Rynita McGuire paints in her university studio in Kalamazoo, Mich., using her teeth to hold the brush.
Kalamazoo Gazette Enlarge
KALAMAZOO, Mich. -- Rynita McGuire puts a new spin on the word "mouthy" as she mixes turntables and paints murals.
The 34-year-old Kalamazoo native completed a college degree entirely with her lips and teeth. She received her bachelor's degree in painting from Western Michigan University Saturday, and every piece of art she's created -- whether on canvas, in headphones, or on a computer screen -- was made with her mouth.
Ms. McGuire was born with arthrogryposis, a condition that affects the tendons and results in underdeveloped muscles. She has used a wheelchair for essentially her entire life. She orders strawlike devices called mouth sticks online for about $70 each and uses them to DJ and make graphic designs.
"I'm not paralyzed. I can use my hands but I have much more control with my mouth," she said. "I lived my life like this. It's not hard. If you push yourself all the time, things become natural."
She said she has been using her mouth to do most things since she was a kid, so it was a no-brainer for her to grab a wooden spoon the first time she encountered DJ-mixing tables about a decade ago. Six months later, she was invited to perform at the Detroit Electronic Music Festival in 2002 and toured the country under the name DJ Short-e.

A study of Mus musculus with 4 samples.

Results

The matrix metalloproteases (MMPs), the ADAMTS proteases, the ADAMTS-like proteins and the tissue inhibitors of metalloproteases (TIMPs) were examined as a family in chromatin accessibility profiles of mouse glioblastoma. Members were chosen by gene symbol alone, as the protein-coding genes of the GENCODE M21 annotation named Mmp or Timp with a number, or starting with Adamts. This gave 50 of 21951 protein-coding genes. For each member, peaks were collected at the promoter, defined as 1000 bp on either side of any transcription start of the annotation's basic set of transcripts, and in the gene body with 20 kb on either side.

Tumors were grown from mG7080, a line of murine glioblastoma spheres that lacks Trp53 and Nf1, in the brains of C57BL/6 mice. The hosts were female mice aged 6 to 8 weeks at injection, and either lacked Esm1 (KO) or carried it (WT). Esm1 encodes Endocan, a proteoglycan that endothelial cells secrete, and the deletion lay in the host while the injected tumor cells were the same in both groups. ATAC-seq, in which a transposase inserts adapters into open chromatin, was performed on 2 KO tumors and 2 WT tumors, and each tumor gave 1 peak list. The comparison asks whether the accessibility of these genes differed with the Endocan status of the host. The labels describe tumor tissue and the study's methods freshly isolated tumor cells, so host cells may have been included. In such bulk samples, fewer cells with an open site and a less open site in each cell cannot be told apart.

Ms. McGuire fell in love with art when she picked up a crayon, but didn't seriously pursue it until college. She attended classes in graphic design and painting on and off at Kalamazoo Valley Community College, but she wanted to get her bachelor's degree. In 2009, she focused on school at WMU because being a student and a traveling DJ was too difficult.
"I think painting with my mouth was harder than learning to DJ," she said. "Finishing school on my own was really intense. I didn't think I was going make it a few times. Western can be a big scary place, even for me, and I'm not intimidated by a lot. I'm really proud I made it."
Ms. McGuire's independence is innate, according to her mother, Elizabeth Schmidt of Kalamazoo.
"She doesn't feel like she is handicapped. It's the people who are doing nothing and have use of their arms who are handicapped," Ms. Schmidt said. "She is able to pick herself up and keep going despite some really hard obstacles and it's not like anything has been given to her. She's done it on her own, even school."